Rock band No Doubt has filed a real-world lawsuit over its virtual role in the just-released Band Hero edition of the Guitar Hero video game series, contending that the game has "transformed No Doubt band members into a virtual karaoke circus act," singing dozens of songs the group neither wrote, popularized nor approved for use in the game.
In a suit filed Wednesday in Los Angeles County Superior Court, the band alleges that Santa Monica-based Activision Publishing Inc., the maker of the game, far exceeded the contractually approved use of likenesses, or avatars, of band members Gwen Stefani, Tony Kanal, Tom Dumont and Adrian Young.
For The Record
Los Angeles Times Friday, November 06, 2009 Home Edition Main News Part A Page 4 National Desk 2 inches; 94 words Type of Material: Correction
No Doubt lawsuit: An article in Business on Thursday about rock group No Doubt's lawsuit over its use in the video game Band Hero said Activision Publishing Inc., the game's maker, had not seen the complaint and therefore had no comment. That article was an early version; Activision had responded by Wednesday afternoon, and the company's statement was published on the Pop & Hiss blog at latimes.com. Activision said that the suit was "without merit" and that the company was "exploring its own legal options with respect to No Doubt's obligations under the agreement."
An Activision spokesman said the company had not seen the complaint and therefore had no comment.
"The band [members] are bitterly disappointed that their name and likeness was taken and used without their permission," band manager Jim Guerinot said. "They agreed to play three No Doubt songs as a band. . . . Activision then went and put them in 62 other songs and broke the band up [and] never even asked."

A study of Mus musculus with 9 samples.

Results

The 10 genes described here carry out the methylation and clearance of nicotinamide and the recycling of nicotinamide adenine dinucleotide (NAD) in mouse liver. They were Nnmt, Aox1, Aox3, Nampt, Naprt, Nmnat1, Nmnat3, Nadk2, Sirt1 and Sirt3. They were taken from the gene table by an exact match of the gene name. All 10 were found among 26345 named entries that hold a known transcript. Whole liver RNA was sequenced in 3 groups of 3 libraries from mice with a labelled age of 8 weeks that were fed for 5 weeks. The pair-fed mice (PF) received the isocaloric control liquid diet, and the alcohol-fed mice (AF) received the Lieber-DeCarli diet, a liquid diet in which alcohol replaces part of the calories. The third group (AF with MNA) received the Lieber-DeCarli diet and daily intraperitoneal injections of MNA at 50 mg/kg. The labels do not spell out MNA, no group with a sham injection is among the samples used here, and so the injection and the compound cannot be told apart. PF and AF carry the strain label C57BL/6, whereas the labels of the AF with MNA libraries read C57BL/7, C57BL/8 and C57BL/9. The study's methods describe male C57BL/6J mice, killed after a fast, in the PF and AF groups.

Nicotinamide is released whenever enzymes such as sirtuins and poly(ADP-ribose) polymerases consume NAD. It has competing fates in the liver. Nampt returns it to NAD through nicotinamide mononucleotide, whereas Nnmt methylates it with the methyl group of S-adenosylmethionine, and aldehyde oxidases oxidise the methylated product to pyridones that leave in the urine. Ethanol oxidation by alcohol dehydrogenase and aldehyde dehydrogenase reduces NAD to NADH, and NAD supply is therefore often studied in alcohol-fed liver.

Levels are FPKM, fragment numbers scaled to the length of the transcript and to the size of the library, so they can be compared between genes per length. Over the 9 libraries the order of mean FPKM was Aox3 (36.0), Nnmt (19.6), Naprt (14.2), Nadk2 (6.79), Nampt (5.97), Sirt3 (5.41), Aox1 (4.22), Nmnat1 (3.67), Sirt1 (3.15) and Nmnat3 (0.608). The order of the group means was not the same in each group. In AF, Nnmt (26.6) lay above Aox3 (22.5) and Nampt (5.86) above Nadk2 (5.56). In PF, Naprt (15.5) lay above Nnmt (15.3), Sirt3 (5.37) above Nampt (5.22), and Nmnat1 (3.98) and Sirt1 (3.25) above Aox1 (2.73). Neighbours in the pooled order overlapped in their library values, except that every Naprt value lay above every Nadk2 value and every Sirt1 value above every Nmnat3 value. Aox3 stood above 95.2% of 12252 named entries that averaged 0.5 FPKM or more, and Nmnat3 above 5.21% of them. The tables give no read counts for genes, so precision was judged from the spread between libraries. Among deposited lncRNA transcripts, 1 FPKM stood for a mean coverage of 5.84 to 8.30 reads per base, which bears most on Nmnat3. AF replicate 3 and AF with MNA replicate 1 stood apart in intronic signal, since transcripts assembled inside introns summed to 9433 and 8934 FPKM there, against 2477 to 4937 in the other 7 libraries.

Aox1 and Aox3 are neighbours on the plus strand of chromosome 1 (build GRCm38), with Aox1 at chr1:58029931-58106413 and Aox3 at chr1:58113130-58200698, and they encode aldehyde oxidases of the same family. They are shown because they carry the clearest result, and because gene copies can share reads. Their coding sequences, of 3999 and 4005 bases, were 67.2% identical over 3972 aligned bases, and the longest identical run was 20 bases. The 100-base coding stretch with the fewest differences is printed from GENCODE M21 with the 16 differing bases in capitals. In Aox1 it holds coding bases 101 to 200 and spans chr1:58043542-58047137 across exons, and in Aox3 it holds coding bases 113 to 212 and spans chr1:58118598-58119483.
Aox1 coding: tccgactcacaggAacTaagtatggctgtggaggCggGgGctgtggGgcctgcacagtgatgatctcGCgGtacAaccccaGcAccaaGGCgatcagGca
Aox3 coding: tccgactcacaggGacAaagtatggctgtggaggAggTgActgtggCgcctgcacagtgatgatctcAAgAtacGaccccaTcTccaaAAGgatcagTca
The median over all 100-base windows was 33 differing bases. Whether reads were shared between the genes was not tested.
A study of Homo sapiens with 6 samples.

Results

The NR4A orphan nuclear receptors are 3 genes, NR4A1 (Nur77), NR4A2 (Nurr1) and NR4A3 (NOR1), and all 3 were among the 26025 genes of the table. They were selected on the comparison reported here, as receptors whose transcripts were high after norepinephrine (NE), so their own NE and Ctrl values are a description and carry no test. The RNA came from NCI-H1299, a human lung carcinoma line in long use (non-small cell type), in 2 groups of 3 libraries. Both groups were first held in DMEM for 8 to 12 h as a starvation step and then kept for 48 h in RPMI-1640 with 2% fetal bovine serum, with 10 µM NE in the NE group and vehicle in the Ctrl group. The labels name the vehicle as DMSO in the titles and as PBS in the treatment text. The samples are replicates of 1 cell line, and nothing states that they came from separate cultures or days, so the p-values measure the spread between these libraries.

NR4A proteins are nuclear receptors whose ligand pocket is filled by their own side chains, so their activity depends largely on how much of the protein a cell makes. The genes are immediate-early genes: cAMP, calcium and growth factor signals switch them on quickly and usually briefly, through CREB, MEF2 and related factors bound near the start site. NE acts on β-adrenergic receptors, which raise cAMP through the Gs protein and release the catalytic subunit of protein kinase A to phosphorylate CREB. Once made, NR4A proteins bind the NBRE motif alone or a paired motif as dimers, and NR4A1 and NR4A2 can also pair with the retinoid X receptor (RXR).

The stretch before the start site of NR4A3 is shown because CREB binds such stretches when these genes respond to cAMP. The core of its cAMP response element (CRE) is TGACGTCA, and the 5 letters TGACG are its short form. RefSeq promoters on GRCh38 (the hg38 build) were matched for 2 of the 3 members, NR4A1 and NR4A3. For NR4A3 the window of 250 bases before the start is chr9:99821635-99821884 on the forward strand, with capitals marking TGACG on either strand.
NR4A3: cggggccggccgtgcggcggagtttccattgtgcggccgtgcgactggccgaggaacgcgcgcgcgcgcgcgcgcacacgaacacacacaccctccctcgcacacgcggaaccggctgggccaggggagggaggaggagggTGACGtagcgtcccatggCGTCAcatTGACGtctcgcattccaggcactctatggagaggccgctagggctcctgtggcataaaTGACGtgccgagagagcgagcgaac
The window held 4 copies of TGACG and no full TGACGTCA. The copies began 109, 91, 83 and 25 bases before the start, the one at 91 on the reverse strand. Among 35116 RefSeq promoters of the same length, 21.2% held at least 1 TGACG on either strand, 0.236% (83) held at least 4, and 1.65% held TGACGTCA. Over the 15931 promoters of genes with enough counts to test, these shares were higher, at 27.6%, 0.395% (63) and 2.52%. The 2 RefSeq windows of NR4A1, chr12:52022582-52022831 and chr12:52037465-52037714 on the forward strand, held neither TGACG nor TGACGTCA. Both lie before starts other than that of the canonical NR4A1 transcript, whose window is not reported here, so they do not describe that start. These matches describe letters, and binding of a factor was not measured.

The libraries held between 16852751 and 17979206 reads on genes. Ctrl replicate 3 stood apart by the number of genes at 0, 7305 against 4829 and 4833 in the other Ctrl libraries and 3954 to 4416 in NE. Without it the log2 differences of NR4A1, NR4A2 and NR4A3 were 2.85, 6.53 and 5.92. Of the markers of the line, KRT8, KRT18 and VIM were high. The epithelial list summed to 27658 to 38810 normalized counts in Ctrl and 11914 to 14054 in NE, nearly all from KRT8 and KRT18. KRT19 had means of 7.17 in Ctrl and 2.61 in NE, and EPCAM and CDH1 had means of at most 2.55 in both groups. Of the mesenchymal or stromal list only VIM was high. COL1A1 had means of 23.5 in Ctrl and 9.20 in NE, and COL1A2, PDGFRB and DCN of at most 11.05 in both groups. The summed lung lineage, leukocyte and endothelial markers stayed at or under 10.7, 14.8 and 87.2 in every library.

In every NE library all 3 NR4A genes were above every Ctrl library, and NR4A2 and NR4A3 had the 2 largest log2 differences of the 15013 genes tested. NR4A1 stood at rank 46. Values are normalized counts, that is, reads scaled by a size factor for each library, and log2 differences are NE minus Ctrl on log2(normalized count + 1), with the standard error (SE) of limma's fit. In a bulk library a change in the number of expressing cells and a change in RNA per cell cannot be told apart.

The suit also charges that the game allows users to manipulate No Doubt characters to sing songs popularized by other pop music acts. No Doubt's contract with Activision allowed the company to use the band's music and likenesses in no more than three of the band's own songs, the suit says. The game, which was released Tuesday, puts the group members' images, collectively and individually, into more than 60 songs, "many of which include lyrics, contained in iconic songs, which are not appropriate for No Doubt and have not been and would not have been chosen by No Doubt for recordings or public performances."
Specifically, the suit notes that through the game's Character Manipulation Feature, Stefani's image can be induced to sing the Rolling Stones' "Honky Tonk Women."
"While No Doubt are avid fans of the Rolling Stones and even have performed in concerts with the Rolling Stones," the complaint says, "the Character Manipulation Feature results in an unauthorized performance by the Gwen Stefani avatar in a male voice boasting about having sex with prostitutes."
The suit says Activision executives withheld disclosure of the character-manipulation feature and refused the band's request to remove or disable it in conjunction with the No Doubt avatars after the band learned how they were being used. The complaint says Activision officials told the band that doing so would be "too expensive."
The suit asks for unspecified actual and punitive damages, a temporary restraining order, a preliminary injunction and a permanent injunction against distribution of the game and for Activision to recall existing copies.
In September, after Nirvana leader Kurt Cobain's likeness was used in Guitar Hero 5, his widow, Courtney Love, and former bandmates Dave Grohl and Krist Novoselic complained that the game placed him in front of other bands singing their hits. In that instance, Activision said the company had received written permission from Love to use Cobain's likeness as a fully playable character. She subsequently Twittered that she had "never signed [off] on the avatar."